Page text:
Among the acts of caring that are obligatory and meritorious in Jewish law and ethics, visiting the sick is especially significant. Its importance is underscored by its appearance in our daily prayer book‘s top three texts for the Torah study blessing (“These are the things” ), that familiar Mishnaic list of the good deeds that yield dividends to the doer in this world, while the capital is stored for the world to come. A classic midrash portrays God as modeling this mitzvah when God appears to Abraham in Genesis 18, a narrative that comes just after the story of Abraham’s circumcision: God is visiting the recovering patient.
The mitzvah to visit the sick extends to people of all ethnic and religious groups (Shulhan Arukh, Yoreh De‘ah 335:1). The purpose for doing so is to alleviate suffering, evident from the rabbinic adage that the visitor relieves the ill person of one sixtieth of his suffering (Leviticus Rabba 34). Aware that the presence of visitors might instead become a burden or cause embarrassment, the tradition attempts to regulate many aspects of this mitzvah.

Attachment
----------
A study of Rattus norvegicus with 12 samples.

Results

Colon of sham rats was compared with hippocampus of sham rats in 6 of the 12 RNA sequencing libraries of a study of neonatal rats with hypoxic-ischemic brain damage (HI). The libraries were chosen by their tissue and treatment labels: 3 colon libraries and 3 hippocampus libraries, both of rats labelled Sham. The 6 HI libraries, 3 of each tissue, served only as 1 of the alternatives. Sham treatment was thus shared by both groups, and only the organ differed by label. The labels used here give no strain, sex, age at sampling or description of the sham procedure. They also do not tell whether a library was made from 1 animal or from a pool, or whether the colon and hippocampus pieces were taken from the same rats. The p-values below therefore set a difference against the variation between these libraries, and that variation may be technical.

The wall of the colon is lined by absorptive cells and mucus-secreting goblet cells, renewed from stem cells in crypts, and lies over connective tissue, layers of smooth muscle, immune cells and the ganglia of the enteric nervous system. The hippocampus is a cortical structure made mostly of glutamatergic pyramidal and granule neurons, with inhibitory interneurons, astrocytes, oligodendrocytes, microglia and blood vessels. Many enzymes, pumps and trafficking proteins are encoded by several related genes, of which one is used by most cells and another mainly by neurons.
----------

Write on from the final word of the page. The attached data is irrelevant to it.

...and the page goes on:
For example, we should wait a while before visiting someone who falls ill, so as not to give the patient the impression that the illness is grave. All but close relatives and friends are advised to postpone a first visit until the third day of the illness — unless that illness is indeed serious.
We should visit often, yet not impose a burden on the patient and his caretakers. The rabbinic tradition advises exercising good judgement regarding the time of day when we visit: in the early hours of the morning, medical professionals are usually attending to the patient, and in the evening she is usually tired (BT Nedarim 40a). Surprisingly, perhaps, we are called on to exercise discretion regarding whom we choose to visit: an ailing enemy may interpret a visit as gloating over his misfortune.
Another traditional form of assistance to the sick is to offer prayers on their behalf. Visitors may pray for the patient’s recovery, and it is a near-universal custom to offer a special prayer (known by its generic opening words, mi she-berakh – “[May] the One who blessed…”). In a departure from the more usual [in traditional circles] patronymic style of reference, the subjects of these prayers are referred to in many communities by first name and matronymic): e.g., “Dinah daughter of Leah” or “Joseph son of Rachel.”
In many pre-modern Jewish communities, a special Bikkur Holim Society provided for the needs of the ill. In some Western countries and in Eastern European communities, this tradition of medical self-help within the Jewish community was a source for the development of private hospitals under Jewish communal sponsorship. In synagogue communities today, the rabbi is often expected to visit sick congregants, while some have committees that make sure other members come to visit.
Did you like this article? MyJewishLearning is a not-for-profit organization.